Our neighbour stopped by to tell us he found a water tap on his property supplied by water from ours. Before we purchased our property, the previous owners split the land. And Network Rail is planning to fill in the bridge which linked the now two distinct properties. As the infilling of the bridge is imminent ‘Farmer Steve’, as he is affectionately known as in our family, wanted to alert us of the water tap.
Unfortunately neither us nor Farmer Steve received a map of where the water pipes where installed by previous owners. Therefore it’s a bit of hunt. And now the land around the bridge looks like it has been under attack. It has trenches and holes plus the remains of broken pick axes and shovels. We’ve found the pipe in a few spots but also uncovered more mysteries.
So while we know where two pipes are, we don’t yet know if they are the pipes we are looking for. And the result of a couple of days of exploring is a horrendous looking garden.
Along the way, we’ve had to make assumptions using the clues we have. Where would you put a pipe? At what depth? Where is the supply line? How does what is known connect to each other?
And here’s the thing, when we finally figure it out, we’ll realise some (many?) of our assumptions were incorrect. And yet, without making the assumptions we would not have moved forward.
While this is true when trying to find water lines in our property, it is also true when trying to map data or trying to create organisational change. We make assumptions. We have to. However, sometimes it’s good to stop and ask ourselves, ‘What if that assumption wasn’t true?’ It can be helpful as it may provide a fresh perspective. Of course, it will lead to making other assumptions, but perhaps that helps us getting further towards our goal. Or simply helps confirm what isn’t true.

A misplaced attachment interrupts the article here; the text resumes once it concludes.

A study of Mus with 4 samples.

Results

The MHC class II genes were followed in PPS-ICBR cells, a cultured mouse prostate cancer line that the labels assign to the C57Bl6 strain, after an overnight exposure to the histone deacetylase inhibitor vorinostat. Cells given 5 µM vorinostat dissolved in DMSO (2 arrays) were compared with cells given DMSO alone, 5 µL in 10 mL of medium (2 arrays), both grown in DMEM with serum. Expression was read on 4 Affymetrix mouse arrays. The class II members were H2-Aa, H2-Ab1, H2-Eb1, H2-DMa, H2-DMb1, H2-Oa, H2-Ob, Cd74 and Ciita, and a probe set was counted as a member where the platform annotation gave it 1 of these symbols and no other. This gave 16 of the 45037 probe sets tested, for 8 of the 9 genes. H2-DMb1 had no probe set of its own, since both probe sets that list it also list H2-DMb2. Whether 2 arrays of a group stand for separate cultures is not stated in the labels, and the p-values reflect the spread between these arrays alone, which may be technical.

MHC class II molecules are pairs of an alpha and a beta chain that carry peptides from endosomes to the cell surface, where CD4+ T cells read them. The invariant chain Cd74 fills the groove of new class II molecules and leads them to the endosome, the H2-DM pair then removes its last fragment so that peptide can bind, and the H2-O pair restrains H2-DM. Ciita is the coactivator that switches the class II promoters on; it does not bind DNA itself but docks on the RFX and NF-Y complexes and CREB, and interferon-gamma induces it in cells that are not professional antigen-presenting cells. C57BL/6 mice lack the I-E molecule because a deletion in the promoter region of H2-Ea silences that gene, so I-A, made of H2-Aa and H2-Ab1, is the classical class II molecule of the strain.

And here’s another thing. The more often we can voice our assumptions out loud, the better chance we have of someone engaging with us. Assumptions are not bad. In fact, they are good, necessary, and helpful. But we do need to make them visible. By ‘showing our work’ we enable others to engage and to understand our process.
This is vitally important in the world of data, which is full of assumptions which are viewed as objective truths.
And it’s quite important in finding water lines too. I’m off to keep digging.